New insulin options are available, so which should you turn to in diabetic dogs?
Dr. Bruyette welcome endocrinology questions from veterinarians and veterinary technicians.
Q. With so many insulin products to choose from, how do I decide which insulin is the best for my canine patients?
A. Because there are several insulins to choose from, selecting an insulin for a newly diagnosed diabetic dog can be confusing. And how do you decide what to switch to in a dog that is responding poorly to a particular insulin? Here are my thoughts on where you might turn.
Dr. David S. Bruyette
Vetsulin has recently been reintroduced to the veterinary market and is approved for use in both dogs and cats. This is the same product that was previously available from Intervet/Schering-Plough Animal Health.
This porcine-origin zinc Lente insulin is classified as an intermediate-acting insulin. Canine and porcine insulin have an identical amino acid sequence, which eliminates the theoretical complication of a dog's developing anti-insulin antibodies that may adversely affect glycemic control.
This insulin is available only at a concentration of 40 IU/ml, so make sure you provide U-40 insulin syringes to owners. Reassess the dog's clinical signs and perform a serial blood glucose curve one week after starting therapy.
While the manufacturer's package insert recommends once-a-day initial dosing, I have not found this to be effective in most of our patients. I suggest an initial starting dose of 0.5 U/kg given subcutaneously twice a day.
With the return of this product to the market, it will be my preferred insulin for the initial management of diabetes in dogs.
This intermediate-acting, human recombinant insulin is not approved for use in dogs, but it is safe and efficacious for controlling blood glucose concentrations in dogs.
The results of a recent study evaluating Humulin N's efficacy in 10 client-owned dogs showed that it effectively controls diabetes mellitus when given subcutaneously twice a day but that postprandial hyperglycemia can occur in some well-regulated dogs.1
The suggested starting dose is 0.5 U/kg given subcutaneously twice a day. Reassess the dog's clinical signs and perform a serial blood glucose curve one week after starting therapy.
This long-acting, protamine zinc, human recombinant insulin is approved for use in cats. It has, in my experience, not been more effective in controlling clinical signs of diabetes in dogs than intermediate-acting insulins.
A recent study showed that it significantly decreased 10-hour mean blood glucose and serum fructosamine concentrations over a 60-day period in six dogs in which diabetes mellitus had been newly diagnosed as well as in 11 dogs previously treated with other forms of insulin.2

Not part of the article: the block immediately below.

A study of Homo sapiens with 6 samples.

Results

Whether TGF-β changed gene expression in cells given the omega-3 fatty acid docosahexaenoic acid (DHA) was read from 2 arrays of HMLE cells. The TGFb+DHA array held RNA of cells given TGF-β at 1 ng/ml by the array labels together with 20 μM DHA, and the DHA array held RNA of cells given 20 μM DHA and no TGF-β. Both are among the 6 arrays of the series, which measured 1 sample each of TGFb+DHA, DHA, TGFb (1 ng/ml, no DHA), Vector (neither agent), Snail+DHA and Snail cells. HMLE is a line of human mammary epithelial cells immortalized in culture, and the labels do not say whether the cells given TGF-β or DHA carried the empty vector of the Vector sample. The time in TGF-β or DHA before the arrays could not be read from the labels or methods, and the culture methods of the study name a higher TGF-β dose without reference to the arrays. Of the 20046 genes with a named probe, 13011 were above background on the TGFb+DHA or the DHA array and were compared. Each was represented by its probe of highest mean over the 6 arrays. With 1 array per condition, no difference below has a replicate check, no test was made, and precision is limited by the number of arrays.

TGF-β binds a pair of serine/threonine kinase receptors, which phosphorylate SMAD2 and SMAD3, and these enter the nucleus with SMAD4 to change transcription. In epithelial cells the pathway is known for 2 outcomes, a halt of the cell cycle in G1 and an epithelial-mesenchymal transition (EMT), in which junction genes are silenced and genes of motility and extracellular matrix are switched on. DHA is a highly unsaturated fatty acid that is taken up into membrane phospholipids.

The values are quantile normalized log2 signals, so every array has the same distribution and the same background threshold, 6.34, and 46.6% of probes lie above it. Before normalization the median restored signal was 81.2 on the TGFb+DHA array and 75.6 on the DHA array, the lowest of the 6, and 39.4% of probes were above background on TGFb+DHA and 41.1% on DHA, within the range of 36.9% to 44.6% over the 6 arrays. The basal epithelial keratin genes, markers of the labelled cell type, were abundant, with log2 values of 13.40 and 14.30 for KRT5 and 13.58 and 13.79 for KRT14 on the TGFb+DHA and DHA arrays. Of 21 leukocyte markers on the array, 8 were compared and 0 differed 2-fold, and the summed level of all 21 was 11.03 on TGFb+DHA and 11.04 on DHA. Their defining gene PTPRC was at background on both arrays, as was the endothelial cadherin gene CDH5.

This product is available only at a concentration of 40 IU/ml, so make sure you provide U-40 insulin syringes to owners. I recommend an initial starting dose of 0.5 U/kg given subcutaneously twice a day.
Glargine (Lantus—Sanofi Diabetes), a modified, recombinant, long-acting insulin analogue, is approved for use in people. We generally consider using basal insulins such as glargine and detemir (see below) in dogs with diabetes mellitus that are not adequately controlled with Lente or NPH insulin.
Insulin glargine significantly lowered blood glucose concentrations in 12 client-owned dogs receiving the insulin twice a day in a recent study.3 This study concluded that insulin glargine is a potential and safe method of treatment in dogs with naturally occurring diabetes mellitus when administered subcutaneously twice daily. It also pointed out that in some studies, the use of other types of insulin in dogs appears to be more successful than using insulin glargine.
Insulin detemir (Levemir—Novo Nordisk) is a long-acting soluble insulin analogue capable of maintaining the basal level of insulin in people. In contrast to glargine, detemir is a newer synthetic insulin analogue with a long duration of action through modification of the insulin molecule. This modification facilitates reversible binding to plasma proteins, particularly albumin, from where it is released slowly into plasma. The modification also prolongs self-association in the injection depot, which prolongs absorption from subcutaneous tissue at the injection site and contributes to the long duration of action.
A recent study has shown that when administered to diabetic dogs, detemir has a greater effect and, thus, requires a lower dose than NPH and glargine insulins.4 But it also has a higher risk of inducing hypoglycemia.
I generally start at a dose of 0.1 U/kg given twice a day in dogs that have not been well-controlled with NPH or Lente insulins.
David S. Bruyette, DVM, DACVIM, VCA
West Los Angeles Animal Hospital
West Los Angeles, Calif.
Veterinary Diagnostic Investigation and Consultation
1. Palm CA, Boston RC, Refsal KR, et al. An investigation of the action of Neutral Protamine Hagedorn human analogue insulin in dogs with naturally occurring diabetes mellitus. J Vet Intern Med 2009;23(1):50-55.
2. Maggiore AD, Nelson RW, Dennis J, et al. Efficacy of protamine zinc recombinant human insulin for controlling hyperglycemia in dogs with diabetes mellitus. J Vet Intern Med 2012;26(1):109-115.
3. Fracassi F, Boretti FS, Sieber-Ruckstuhl NS, et al. Use of insulin glargine in dogs with diabetes mellitus. Vet Rec 2012;170(2):52.
4. Sako T, Mori A, Lee P, et al. Time-action profiles of insulin detemir in normal and diabetic dogs. Res Vet Sci 2011;90(3):396-403.